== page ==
It’s not just statues needing toppling but imperial assumptions - Kenny MacAskill
I’m a huge fan of Irish President Michael D Higgins. The country has been blessed recently in its holders of that office. Predecessors Mary McAleese and Mary Robinson helping the nation transition into its modern incarnation and easing it through the troubles on the island of Ireland.
But President Higgins seems the best of them. A gem of a guy, a poet, an intellectual, yet still decent and down to earth. Everything you’d want in an elected Head of State and such a contrast to the privilege and snobbery surrounding our Monarchy.
So, when President Higgins writes I take note, as I did last week with his critique in a London paper.
Taking to task many leading British commentators describing them as having “feigned amnesia” over British Imperialism, and although coming from an Irish perspective he gave it a wider context. Lamenting a British “disinclination” to “critique empire and imperialism” and stating that attitude wouldn’t allow for the forging of “a better future together”.
He’s right and it applies to most of the British Empire not just their first colony. Putting it in an Irish context he contrasted it with his own land’s need to critique its nationalism. Not just current events as Irish unity beckons but significant historical landmarks as the centenary of the War of Independence’s recalled and that of the civil war looms. Ireland has had to address some demons and actions which whatever the context were simply wrong.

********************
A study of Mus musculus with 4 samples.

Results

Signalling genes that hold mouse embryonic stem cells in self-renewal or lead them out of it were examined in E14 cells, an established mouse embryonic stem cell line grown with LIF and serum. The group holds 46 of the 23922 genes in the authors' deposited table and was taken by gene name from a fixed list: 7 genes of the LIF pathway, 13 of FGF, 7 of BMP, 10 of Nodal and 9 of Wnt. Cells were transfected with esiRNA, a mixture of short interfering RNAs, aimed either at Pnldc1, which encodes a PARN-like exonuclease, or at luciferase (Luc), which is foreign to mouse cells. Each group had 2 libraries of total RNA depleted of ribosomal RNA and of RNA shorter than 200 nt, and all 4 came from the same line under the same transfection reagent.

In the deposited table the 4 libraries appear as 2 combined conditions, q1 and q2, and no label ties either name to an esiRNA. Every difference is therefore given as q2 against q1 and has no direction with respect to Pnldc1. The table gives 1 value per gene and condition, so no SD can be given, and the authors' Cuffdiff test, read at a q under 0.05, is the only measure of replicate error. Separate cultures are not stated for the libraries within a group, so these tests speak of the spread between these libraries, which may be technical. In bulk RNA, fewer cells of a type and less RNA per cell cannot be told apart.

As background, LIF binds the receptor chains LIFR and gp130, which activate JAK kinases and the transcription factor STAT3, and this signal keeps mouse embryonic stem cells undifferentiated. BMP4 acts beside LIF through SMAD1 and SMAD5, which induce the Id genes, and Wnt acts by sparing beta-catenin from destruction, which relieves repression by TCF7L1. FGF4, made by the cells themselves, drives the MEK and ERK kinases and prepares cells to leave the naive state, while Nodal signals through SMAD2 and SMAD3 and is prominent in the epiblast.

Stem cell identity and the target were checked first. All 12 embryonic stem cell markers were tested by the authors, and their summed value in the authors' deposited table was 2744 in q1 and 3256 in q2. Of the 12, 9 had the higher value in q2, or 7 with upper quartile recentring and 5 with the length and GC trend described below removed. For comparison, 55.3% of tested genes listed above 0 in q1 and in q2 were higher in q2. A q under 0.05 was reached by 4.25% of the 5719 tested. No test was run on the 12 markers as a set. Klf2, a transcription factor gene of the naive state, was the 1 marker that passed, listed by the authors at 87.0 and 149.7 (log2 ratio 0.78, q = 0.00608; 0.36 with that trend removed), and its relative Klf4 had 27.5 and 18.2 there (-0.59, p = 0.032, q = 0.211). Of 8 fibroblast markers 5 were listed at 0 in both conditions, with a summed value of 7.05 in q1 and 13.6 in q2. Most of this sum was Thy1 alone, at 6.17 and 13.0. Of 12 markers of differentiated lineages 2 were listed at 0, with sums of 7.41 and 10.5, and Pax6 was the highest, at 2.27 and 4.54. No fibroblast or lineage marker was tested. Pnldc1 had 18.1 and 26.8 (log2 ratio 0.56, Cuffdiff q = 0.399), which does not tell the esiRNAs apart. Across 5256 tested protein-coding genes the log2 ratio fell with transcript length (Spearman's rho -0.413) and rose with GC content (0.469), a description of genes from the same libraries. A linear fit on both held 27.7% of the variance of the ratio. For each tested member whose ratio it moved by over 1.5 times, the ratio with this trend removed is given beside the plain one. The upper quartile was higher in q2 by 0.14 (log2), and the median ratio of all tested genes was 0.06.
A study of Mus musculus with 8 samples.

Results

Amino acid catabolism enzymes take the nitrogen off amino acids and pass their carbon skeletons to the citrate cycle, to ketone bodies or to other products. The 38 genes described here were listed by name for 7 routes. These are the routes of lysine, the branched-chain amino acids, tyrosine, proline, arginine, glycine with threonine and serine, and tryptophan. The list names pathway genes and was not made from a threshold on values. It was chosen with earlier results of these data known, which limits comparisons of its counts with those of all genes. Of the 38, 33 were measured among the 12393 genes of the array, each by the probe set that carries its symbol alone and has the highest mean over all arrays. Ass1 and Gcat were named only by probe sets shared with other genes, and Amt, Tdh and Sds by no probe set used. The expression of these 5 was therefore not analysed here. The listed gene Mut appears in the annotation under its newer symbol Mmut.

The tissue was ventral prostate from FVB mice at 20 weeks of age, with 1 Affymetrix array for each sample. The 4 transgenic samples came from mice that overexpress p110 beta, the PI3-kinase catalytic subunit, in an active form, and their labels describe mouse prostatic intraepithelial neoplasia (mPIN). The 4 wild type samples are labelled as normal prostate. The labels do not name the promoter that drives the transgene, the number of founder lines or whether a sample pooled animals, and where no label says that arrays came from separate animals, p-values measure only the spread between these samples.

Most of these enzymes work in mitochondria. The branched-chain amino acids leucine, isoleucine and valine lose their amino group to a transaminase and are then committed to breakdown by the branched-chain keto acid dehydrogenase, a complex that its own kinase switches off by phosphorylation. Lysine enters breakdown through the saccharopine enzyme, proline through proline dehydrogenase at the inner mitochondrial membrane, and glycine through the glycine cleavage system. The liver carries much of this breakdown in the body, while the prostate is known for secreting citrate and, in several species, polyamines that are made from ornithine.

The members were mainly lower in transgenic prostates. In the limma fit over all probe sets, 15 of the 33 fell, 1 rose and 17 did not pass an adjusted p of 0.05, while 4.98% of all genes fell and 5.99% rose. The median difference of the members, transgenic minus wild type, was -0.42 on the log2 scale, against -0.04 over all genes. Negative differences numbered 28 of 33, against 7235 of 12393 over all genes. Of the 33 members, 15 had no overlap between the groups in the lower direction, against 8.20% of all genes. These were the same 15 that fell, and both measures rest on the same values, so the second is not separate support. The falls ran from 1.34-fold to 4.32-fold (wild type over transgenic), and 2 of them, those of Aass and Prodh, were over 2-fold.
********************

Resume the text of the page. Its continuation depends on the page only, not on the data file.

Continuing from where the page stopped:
But in Britain the Empire’s forever benign. Irish Independence viewed as having been given almost by British beneficence rather than having to be fought for despite a democratic vote. Similarly, the actions of the Black and Tans, and even worse the Auxiliaries, causing even those not Independence supporters to conclude that staying British was impossible, are ignored.
More importantly, Higgins condemned assumptions that went and still go with Imperialism including superiority of culture and the denial of the economic exploitation, dispossession and domination that it involved.
As a child of the 60s I still remember some school maps with the Empire resplendent in red. Even though colonialism was ending there was neither reflection nor apology. It was simply assumed to have been benign, if not a force for good. Providing a civil service, taking Christianity and civilising a Dark Continent or other unenlightened lands.
But it was never that. Those lands had histories and cultures that were suppressed. A limited education and some bibles was no recompense for the ruthless exploitation of their natural resources and the use their people as cheap labour that followed.
Black Lives Matter protests have rightly highlighted the legacy of slavery that shames us. But that critique hasn’t been applied to the Empire, yet it must. It was no more right to rob and pillage than it was to ensnare and enslave. Relations with Ireland but also the Commonwealth will improve when that’s addressed and if trade deals are being sought, it’s probably essential.
It’s not just statues needing toppling but imperial assumptions.